Earth Hour

Posted: March 24, 2011 in Current Events, Environment

Far be it from me to be negative about an environmental initiative like Earth Hour.  I know that it is supposed to be a symbolic and inspiring event.  I know that environmental awareness needs to be jazzed up so people take notice and get excited.  I know that the actual hour of power saved is not really the point.  I will turn off my lights this Sat. evening.  After turning off my lights this Sat. night, I’ll be taking a little drive around with my camera.

I also fully realize that it is not reasonable for certain establishments to participate.  Apartment and hotel lobbies should not be blacked out.  Street lights in key areas are needed for safety reasons.  There are probably some businesses who have to maintain lighting for insurance reasons.  –All understandable.

I guess my hesitation to fully get behind Earth Hour comes from two sources.

The first is the fact that, while businesses in downtown Toronto and other urban centres do tend to flip off lights and signs, if you go into the suburbs (such as Newmarket, close to where I live), it seems to be largely ignored.  I’d be happy to be proven wrong this year, but in past years, when I’ve driven around during Earth Hour, I’ve found little effort to turn off lights.  Industrial parking lots are lit up like daytime in spite of the fact that there are no workers there on weekends, and especially at night.  The businesses in urban areas know that they are under scrutiny.  The news media is watching them and they want to look environmental (or, more accurately, they don’t want to look un-environmental).  If they were truly committed to the idea rather than just the short term PR opportunity, they would make an effort to observe Earth Hour in the outlying areas as well.  What I object to is the hypocrisy that allows us to perceive these businesses as environmentally responsible, when all they really are is PR savvy.  We are allowing a sense of false complacency to be created because a one hour blitz is creating a false impression.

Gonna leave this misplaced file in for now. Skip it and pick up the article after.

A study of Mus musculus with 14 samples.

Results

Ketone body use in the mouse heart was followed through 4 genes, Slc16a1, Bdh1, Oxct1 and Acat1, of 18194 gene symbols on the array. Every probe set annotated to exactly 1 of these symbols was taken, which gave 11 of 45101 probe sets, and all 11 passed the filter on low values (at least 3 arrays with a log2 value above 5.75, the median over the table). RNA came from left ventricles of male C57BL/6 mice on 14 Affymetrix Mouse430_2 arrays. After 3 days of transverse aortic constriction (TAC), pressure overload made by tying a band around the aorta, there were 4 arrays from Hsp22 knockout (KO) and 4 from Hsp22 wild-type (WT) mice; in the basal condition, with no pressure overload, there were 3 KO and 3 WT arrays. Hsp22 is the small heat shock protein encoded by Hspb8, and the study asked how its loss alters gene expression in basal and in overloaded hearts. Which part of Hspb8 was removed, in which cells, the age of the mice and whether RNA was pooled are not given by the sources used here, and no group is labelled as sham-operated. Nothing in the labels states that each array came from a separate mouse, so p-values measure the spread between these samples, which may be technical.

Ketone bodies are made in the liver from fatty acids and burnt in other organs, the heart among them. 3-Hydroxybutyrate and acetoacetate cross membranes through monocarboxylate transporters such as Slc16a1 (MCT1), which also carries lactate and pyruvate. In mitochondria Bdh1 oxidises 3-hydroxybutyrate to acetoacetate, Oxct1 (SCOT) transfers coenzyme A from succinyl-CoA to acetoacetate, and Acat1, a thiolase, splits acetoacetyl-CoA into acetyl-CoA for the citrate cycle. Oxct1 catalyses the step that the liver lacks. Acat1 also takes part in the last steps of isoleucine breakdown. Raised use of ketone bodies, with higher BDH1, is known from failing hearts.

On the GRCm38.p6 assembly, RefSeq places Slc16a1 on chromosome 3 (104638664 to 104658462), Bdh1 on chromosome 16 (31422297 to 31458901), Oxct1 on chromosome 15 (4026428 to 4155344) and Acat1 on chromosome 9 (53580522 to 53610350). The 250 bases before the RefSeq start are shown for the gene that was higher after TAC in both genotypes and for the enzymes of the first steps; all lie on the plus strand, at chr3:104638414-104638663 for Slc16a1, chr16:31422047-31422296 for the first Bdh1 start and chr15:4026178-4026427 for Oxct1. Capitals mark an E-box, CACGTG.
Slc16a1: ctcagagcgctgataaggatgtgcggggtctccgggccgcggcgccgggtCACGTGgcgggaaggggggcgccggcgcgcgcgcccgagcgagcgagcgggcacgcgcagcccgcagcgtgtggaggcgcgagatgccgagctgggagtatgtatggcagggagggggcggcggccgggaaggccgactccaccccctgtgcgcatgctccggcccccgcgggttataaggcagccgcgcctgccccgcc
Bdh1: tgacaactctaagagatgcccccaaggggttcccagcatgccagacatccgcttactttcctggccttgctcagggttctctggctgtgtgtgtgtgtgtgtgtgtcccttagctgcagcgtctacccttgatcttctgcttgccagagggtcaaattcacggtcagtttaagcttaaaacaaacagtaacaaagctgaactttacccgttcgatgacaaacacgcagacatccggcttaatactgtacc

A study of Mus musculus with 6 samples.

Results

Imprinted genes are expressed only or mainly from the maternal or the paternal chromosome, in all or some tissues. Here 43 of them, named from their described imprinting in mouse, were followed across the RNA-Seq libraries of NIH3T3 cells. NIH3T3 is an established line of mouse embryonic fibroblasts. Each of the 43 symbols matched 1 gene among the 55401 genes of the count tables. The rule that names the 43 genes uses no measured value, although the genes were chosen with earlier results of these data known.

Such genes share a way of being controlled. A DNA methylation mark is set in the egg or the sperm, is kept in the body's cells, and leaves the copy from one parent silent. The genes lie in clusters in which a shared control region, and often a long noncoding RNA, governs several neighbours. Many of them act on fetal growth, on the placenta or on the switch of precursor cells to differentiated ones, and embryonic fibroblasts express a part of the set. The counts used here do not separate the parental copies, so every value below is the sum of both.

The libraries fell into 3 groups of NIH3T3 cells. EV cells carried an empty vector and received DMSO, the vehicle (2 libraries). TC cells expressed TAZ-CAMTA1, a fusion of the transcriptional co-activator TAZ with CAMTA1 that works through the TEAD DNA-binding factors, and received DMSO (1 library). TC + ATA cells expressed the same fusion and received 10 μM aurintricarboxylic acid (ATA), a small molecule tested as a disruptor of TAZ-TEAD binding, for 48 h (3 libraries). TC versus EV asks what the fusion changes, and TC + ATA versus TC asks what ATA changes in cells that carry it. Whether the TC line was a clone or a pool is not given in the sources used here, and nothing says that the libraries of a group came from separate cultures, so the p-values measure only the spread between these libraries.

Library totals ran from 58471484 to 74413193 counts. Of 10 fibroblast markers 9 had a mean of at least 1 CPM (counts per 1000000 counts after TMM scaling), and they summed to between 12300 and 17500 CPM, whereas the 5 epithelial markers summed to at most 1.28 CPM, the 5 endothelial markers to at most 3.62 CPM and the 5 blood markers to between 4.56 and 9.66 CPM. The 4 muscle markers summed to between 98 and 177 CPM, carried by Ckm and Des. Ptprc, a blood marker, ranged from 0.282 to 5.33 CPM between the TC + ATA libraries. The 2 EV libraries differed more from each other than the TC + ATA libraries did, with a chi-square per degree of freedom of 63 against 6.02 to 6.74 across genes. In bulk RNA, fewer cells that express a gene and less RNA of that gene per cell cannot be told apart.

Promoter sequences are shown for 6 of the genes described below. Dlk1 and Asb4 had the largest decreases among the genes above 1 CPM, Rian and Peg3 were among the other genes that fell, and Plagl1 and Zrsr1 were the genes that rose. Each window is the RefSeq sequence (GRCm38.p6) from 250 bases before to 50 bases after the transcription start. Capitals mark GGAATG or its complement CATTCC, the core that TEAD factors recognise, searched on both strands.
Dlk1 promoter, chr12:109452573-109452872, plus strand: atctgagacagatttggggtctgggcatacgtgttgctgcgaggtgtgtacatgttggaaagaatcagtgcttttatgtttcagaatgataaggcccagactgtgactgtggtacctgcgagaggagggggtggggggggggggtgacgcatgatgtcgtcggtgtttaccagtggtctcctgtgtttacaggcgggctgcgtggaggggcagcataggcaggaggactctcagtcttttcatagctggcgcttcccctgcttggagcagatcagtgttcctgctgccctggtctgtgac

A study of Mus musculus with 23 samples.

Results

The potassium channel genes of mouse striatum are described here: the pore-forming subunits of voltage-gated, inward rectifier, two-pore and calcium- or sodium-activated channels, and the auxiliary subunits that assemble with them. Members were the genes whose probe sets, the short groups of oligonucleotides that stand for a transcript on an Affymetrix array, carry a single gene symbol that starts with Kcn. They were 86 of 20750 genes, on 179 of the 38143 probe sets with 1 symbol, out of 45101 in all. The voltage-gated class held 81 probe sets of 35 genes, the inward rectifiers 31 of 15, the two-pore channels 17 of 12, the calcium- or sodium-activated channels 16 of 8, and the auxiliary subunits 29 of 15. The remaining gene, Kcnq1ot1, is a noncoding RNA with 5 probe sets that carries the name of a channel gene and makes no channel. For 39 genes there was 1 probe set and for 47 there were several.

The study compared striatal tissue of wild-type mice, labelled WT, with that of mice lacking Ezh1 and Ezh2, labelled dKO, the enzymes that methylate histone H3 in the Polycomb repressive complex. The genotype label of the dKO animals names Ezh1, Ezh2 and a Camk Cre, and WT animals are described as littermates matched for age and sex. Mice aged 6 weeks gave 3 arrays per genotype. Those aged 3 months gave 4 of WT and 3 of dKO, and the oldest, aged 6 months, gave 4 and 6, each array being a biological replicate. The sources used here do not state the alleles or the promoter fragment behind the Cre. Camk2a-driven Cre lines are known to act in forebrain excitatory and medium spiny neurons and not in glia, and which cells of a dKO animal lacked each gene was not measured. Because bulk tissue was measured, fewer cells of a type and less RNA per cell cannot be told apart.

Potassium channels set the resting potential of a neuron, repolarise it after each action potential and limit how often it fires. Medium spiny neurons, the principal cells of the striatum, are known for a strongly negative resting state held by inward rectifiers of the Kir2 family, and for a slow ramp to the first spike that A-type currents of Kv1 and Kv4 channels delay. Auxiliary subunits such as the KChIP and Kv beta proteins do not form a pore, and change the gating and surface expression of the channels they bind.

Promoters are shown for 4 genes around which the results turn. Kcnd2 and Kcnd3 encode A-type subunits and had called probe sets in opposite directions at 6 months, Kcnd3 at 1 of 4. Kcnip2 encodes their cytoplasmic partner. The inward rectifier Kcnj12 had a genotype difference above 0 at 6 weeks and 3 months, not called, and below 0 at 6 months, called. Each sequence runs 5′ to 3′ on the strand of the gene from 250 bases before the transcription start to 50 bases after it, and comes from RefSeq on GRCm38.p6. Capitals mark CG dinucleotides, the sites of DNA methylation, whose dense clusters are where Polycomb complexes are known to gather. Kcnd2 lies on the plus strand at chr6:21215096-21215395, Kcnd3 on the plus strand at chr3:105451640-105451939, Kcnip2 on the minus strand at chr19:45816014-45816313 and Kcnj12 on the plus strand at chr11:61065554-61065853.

Which brings me to the second reason.  I’ve always been a little wary of hype.  Earth Day, for example, has become routine.  Every year we have a day where we can claim our concern for the environment.  To those people who carry the torch the rest of the year and keep the concern alive in day to day events, you have my admiration and gratitude.  I guess having a focal point, like and Earth Day or an Earth Hour is important to mobilize resources and attention, but I think that we have to be very careful that the events don’t get hijacked by businesses wanting to flaunt their environmental concern for and day or an hour, and then go back to their concern for profit margins.  In addition to the good they bring, events like this bring a perfect opportunity to be duped.

The excitement and the positive posturing of the event should not eclipse the reality.